Friends Schemes: How to make them work

By Amanda Rigali on

131016-Sarah-Gee-photoThis post was written by Sarah Gee, co-founder and Managing Partner at Indigo Ltd.

In the past 10 years, since I started I started consulting, the most regularly repeated mistakes I’ve seen have been around membership schemes. Initially, it was organisations which hadn’t worked out return on investment and were shocked to find they were losing money on a fundraising scheme. It’s very common to forget to budget in staff time, which can be considerable; in my experience, it’s often those who contribute the least in monetary terms who expect the most servicing.

About five years ago, the biggest challenge seemed to be Gift Aid. Ensuring that benefits returned to donors didn’t compromise the terms of the Government scheme had eluded many organisations. Given HMRC can go back four years and reclaim Gift Aid claimed erroneously, this is something that all charities should double-check; such a reclaim might be enough to sink an organisation with tight cashflow.

And now we have all sorts of agencies to convince that our scheme is genuinely philanthropic – including HRMC for VAT, as well as Gift Aid (different departments, which don’t always seem to align in their advice) – and legislation to comply with, including the Data Protection Act and Privacy and Electronic Communications Regulations. The outcome of the Etherington Review and the introduction of the Fundraising Regulator looks certain to bring another layer of compliance to get our heads around – and that’s before the EU’s General Data Protection Regulations have to be put in place.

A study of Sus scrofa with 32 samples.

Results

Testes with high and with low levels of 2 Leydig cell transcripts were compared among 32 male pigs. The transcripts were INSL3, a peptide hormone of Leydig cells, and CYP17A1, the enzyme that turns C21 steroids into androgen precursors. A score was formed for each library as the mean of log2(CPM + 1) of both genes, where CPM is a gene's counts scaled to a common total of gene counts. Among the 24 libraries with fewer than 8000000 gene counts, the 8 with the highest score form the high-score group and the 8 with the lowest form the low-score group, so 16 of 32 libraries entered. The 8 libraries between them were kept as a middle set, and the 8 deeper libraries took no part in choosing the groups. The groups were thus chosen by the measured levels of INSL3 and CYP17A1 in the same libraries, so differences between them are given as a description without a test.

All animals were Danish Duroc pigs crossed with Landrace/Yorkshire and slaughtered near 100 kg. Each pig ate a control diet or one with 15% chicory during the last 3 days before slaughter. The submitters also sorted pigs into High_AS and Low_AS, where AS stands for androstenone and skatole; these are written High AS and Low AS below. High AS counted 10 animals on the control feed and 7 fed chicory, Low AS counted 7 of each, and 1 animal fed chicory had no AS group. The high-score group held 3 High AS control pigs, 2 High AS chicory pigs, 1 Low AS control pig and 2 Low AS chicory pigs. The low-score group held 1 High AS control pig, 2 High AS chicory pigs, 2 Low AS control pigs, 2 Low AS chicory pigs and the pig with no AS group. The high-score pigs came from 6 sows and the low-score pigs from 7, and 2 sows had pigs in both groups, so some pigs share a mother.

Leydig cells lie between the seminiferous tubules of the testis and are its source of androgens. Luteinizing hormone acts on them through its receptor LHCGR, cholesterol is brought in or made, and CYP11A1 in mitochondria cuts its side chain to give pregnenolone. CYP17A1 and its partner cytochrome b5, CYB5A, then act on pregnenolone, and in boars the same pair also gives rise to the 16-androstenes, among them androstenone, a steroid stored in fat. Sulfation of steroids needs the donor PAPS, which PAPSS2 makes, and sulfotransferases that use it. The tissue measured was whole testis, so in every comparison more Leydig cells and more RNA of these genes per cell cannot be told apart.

Something that used to be so simple is now fraught with pitfalls, and you really don’t want to get this wrong. Here are five simple questions to get you thinking:

  • Why do you have a friends scheme?
  • What are you trying to achieve with it?
  • Who are your members?
  • Where might you find new ones?
  • When is the right time to look at higher level giving – and what are the circumstances when you might consider closing the scheme entirely?

We’ll look at all of this, and more, in my upcoming courses in Manchester and London. Friendship, as it is in real life, is often more complicated than you might think!

‘Making Friends in Fundraising’ with Sarah Gee runs in Manchester on Thursday 12 May 2016 and in London on Tuesday 14 June 2016 – click here for full details and online booking.

Posted by Amanda Rigali

Amanda is Director of Strategic Development at Cause4, and Head of the Arts Fundraising & Philanthropy Programme. As well as running the Programme, Amanda runs fundraising training sessions for cultural professionals across England and offers intensive strategy support to a range of charities.